Cellular hardware comes in three varieties: cellular modem, router and gateway.
Cellular modems are physical devices that typically connect to a system through USB or RS-232. These devices aren't virtualized by default but can be virtualized with the aid of a COM port virtualizer. Cellular routers and gateways can natively be accessed by IP.
So, in theory, you can use any piece of cellular hardware in a virtual environment but what are the benefits and drawbacks?
Virtualizing servers makes them easier to manage and also removes the requirement of having a physical server present for the system to function. This can reduce operating costs and can make server management much easier to maintain; however, virtual servers are just that: virtual. This makes them entirely reliant on the network in which the system is operating. If that network ever experiences disruptive issues, your virtual server will suffer as a result. The benefit is that you never really have to 'move' a virtual server, the most you'll have to do is reconfigure an IP address or machine name. This also means that you won't have to move any virtually connected hardware that the system is using, again you would just need to reconfigure the IP or virtual port assigned to the device.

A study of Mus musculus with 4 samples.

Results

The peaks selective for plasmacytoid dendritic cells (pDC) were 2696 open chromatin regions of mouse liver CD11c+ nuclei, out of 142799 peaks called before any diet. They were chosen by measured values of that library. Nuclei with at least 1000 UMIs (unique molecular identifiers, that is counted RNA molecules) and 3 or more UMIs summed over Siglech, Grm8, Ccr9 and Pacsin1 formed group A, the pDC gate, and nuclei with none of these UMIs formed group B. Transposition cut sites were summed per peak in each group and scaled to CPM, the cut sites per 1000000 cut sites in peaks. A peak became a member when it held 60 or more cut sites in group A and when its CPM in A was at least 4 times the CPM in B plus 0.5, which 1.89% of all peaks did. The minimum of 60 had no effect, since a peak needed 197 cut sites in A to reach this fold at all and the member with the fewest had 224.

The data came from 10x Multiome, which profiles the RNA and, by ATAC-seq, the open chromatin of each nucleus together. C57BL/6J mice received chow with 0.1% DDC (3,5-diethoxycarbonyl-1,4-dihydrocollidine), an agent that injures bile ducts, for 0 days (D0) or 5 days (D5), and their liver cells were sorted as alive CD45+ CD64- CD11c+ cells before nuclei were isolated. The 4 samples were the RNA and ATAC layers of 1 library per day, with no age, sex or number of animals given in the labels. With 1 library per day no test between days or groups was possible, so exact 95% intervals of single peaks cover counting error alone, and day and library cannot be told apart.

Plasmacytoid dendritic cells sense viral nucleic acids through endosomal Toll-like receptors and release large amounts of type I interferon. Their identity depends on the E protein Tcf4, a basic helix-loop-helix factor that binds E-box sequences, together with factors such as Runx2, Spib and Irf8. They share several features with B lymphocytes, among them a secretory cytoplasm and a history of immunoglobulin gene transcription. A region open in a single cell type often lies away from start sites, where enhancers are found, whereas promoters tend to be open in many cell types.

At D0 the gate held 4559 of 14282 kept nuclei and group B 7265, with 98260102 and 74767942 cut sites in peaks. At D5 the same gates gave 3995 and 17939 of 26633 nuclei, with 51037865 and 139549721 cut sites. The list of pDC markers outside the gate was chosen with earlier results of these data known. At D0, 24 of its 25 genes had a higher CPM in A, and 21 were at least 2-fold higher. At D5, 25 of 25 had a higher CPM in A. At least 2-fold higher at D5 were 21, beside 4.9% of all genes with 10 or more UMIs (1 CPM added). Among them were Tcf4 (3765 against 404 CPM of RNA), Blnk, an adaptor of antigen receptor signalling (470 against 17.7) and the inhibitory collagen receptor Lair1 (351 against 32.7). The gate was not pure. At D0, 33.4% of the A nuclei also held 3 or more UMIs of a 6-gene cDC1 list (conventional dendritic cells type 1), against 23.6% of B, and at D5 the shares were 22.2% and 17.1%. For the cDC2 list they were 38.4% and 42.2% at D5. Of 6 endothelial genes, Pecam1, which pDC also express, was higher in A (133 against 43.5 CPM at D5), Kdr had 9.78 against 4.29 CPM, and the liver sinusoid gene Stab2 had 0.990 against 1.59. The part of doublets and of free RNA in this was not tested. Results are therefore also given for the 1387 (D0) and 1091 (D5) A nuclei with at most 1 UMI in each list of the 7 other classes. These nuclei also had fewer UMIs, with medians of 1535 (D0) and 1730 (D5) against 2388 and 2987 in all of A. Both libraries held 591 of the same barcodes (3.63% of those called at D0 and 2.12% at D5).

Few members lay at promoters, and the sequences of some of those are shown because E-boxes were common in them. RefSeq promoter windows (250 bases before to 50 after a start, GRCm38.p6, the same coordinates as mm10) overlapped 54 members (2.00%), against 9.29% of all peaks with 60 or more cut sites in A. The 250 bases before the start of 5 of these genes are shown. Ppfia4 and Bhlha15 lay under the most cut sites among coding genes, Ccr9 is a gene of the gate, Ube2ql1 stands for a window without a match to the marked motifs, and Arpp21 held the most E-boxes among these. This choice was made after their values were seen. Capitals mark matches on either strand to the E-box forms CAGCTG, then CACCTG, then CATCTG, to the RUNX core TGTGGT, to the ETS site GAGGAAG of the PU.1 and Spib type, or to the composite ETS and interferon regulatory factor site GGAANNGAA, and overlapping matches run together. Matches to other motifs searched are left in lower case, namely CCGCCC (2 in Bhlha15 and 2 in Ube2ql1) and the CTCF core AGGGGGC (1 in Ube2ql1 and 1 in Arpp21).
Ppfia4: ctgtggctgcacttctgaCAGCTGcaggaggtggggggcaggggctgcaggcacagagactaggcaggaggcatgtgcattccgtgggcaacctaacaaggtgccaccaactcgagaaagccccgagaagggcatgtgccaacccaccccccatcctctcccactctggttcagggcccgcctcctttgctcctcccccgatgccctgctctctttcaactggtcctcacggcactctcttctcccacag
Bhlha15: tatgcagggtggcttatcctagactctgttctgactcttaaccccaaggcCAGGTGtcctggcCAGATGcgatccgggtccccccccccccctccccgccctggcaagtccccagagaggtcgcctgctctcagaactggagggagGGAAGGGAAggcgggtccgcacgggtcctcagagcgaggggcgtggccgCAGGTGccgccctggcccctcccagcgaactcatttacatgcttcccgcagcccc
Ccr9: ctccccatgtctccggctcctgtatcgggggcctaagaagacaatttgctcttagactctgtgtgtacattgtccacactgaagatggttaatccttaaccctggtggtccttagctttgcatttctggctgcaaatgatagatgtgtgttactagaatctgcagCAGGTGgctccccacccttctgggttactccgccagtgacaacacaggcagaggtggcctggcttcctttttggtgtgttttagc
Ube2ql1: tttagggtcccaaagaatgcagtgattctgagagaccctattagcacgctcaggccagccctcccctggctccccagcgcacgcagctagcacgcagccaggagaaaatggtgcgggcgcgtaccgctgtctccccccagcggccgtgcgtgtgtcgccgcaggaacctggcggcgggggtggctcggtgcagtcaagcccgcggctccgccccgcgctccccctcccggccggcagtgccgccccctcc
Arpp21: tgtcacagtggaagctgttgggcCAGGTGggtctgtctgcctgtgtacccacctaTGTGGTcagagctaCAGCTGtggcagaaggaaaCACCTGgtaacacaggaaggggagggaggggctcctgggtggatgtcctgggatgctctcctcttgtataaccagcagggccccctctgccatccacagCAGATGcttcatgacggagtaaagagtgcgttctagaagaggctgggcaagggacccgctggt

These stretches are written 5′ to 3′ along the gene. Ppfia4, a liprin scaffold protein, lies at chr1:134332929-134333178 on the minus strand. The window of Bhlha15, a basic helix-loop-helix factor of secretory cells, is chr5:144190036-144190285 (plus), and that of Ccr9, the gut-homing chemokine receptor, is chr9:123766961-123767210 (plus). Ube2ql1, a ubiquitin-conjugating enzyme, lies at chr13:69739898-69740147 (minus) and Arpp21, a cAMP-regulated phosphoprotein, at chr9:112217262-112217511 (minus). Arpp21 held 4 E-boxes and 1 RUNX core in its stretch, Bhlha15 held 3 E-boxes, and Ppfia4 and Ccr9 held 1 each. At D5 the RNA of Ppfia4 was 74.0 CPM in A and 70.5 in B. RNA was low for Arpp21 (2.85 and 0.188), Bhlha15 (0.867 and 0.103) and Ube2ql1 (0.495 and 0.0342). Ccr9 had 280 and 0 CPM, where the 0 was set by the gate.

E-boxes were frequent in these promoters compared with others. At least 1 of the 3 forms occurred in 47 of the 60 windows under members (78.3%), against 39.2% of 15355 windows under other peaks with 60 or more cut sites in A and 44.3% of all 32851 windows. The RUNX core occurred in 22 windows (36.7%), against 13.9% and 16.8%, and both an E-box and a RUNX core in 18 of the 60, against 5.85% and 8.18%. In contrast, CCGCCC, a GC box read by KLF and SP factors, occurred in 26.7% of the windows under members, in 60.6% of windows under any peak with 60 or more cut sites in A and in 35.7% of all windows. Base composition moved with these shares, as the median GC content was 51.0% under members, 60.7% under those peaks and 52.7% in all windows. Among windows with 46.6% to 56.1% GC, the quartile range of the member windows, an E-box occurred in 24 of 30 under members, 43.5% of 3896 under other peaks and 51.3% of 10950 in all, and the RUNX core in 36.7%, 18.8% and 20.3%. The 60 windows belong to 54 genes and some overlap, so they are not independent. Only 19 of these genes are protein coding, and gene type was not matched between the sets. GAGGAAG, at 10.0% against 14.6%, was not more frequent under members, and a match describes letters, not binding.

On the other hand, using a physical server with physically connected hardware is the most reliable setup you can use. Maintaining a physical server with physically connected hardware removes any network reliance for message delivery. So, the internet and your entire internal network could go down and you would still have the ability to send messages from the PageGate server as it wouldn't be relying on any part of the internal network or internet connection. The drawback is that it is a physical server. If you ever want to move it, it must be physically moved and you must maintain its hardware.